Nepal | May 27, 2020

Paudel camp boycotts NC CWC meet

Roshan S Nepal

Factional feud in the Nepali Congress reared its head again as the camp led by senior NC leader Ramchandra Paudel today boycotted the party’s Central Working Committee meeting amid differences over devising a calendar for the 14th National Convention of the party and proposal to increase the number of party divisions.

Leaders had assembled at the NC headquarters this morning to finalise the agenda for today’s CWC. However, bitterness started to creep in after NC President Sher Bahadur Deuba turned down Paudel’s proposal that the party devise a calendar for the national convention and include it in the agenda for discussion in the CWC. The Paudel camp is also against Deuba’s proposal to increase the number of party divisions to 41 from the existing 28.

Nepali Congress leader Ramchandra Paudel talking to mediapersons after he boycotted the party’s Central Working Committee meeting at NC Central Office in Sanepa, Lalitpur, on Thursday, December 12, 2019. Paudel boycotted the meet amid differences over devising a calendar for the 14th National Convention of the party and proposal to increase the number of party divisions. Photo: RSS

As the meeting got under way, leaders including Paudel, Ram Sharan Mahat, Prakash Man Singh and Shekhar Koirala assembled in a different room at the party headquarters. General Secretary Shashank Koirala, who is also against Deuba’s proposal to increase number of party divisions, left for his residence before the meeting started.

The meeting was attended by leaders of the establishment faction, including Bimalendra Nidhi, General Secretary Purna Bahadur Khadka and Spokesperson Bishwa Prakash Sharma.

The Paudel faction has charged the establishment faction of trying to delay the national convention by raising an unnecessary issue of revising the number of party divisions. The tenure of the existing CWC ends in mid-March.

Talking to THT, Paudel said Deuba was trying to throw the national convention into uncertainty. “What can we expect from a president who does not even want to include the issue of national convention in the agenda for the CWC meeting,” Paudel said. “Sensing the president is hell bent on throwing the party into crisis, we protested.”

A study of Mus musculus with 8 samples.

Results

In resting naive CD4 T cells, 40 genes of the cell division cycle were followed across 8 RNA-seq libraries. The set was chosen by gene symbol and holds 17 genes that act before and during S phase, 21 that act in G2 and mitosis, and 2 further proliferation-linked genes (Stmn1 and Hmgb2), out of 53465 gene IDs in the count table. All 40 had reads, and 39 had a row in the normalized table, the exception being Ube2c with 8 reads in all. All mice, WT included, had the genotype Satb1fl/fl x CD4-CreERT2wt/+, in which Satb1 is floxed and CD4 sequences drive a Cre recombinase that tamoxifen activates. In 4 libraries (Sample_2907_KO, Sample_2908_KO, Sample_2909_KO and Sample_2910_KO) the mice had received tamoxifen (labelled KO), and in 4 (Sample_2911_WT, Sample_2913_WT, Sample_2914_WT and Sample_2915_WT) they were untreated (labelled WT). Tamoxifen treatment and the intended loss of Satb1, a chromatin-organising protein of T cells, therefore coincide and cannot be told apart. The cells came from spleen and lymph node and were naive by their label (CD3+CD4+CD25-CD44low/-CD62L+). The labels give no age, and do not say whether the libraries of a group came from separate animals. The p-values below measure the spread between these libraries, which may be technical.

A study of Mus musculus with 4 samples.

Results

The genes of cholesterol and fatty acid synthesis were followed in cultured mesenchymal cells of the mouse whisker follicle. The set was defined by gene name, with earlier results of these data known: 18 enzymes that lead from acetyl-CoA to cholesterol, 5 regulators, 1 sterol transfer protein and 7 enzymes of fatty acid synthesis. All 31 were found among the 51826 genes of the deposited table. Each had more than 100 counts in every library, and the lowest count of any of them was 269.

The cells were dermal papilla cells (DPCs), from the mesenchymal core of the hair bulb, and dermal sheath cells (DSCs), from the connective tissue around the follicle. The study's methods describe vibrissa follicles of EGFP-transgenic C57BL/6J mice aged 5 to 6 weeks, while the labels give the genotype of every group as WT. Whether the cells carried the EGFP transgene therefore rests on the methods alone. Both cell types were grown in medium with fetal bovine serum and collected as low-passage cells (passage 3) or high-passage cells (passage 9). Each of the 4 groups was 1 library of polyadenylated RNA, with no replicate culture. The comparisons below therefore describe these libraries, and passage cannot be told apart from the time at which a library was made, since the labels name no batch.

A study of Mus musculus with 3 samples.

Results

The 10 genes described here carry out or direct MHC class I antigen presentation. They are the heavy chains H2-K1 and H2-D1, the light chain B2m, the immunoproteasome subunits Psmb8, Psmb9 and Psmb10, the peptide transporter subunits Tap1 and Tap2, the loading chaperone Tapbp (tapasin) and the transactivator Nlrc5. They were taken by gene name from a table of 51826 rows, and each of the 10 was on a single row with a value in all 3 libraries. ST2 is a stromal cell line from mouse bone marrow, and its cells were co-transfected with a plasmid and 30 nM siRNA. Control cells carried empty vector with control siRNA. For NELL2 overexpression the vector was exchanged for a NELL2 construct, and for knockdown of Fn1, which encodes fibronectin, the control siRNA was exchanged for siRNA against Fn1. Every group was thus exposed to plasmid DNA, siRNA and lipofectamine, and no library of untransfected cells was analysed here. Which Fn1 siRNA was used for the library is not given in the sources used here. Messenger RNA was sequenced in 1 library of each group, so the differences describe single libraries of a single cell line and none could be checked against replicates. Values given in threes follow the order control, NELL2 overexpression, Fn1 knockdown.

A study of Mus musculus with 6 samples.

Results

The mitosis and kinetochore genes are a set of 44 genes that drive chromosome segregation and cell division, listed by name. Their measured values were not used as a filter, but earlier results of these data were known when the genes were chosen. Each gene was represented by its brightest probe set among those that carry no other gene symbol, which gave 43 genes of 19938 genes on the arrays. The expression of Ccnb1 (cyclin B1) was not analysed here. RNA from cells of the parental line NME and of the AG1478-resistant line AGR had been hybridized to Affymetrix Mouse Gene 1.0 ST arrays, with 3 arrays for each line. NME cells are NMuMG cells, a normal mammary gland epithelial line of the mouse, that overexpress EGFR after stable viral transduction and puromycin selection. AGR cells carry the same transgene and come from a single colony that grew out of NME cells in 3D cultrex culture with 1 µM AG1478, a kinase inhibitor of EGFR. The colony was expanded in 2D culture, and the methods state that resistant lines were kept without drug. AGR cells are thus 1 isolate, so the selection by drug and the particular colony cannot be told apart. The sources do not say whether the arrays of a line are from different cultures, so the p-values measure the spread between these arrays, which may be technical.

Paudel said the president’s latest proposal to increase the number of party divisions to 41 was nothing but a ploy to delay the national convention. “The divisions have not been formed for the past four years. Now they are trying to increase the number of divisions a few months before the CWC’s tenure expires,” Paudel said. “We’ll never accept such things.”

NC CWC member Nabindra Raj Joshi, who is close to Paudel, said the establishment faction was trying to enforce their decisions on the basis of majority. “This is a wrong attitude,” he told THT.

On the other hand, the establishment faction argued that the statute had clearly provisioned that the CWC could revise the number of party divisions as per the need.

NC Spokesperson Bishwa Prakash Sharma said the proposal to raise the number of party divisions was in line with the party statute provision and was based on the fact that the party had 42 divisions when late Sushil Koirala was the party’s president.

As far as the calendar for the 14th National Convention is concerned, Sharma said the previous CWC meet had decided to devise a calendar for the national convention only after the formation of subordinate committees of the party.

The party had delegated its election committee to form lower-level bodies. The committee is scheduled to brief the CWC about its progress in the ongoing CWC. “The calendar for the national convention cannot be devised without the issue being discussed in the CWC,” Sharma told THT.

Deuba had put forth nine agendas for today’s meeting, which endorsed three of them — all congratulatory proposals.

The next CWC meeting is scheduled for Sunday. It will discuss the remaining agendas, including progress made by the election committee in forming lower-level committees, review of the recently-held by-poll, increasing the number of party divisions and the Kalapani issue.

A version of this article appears in print on December 13, 2019 of The Himalayan Times.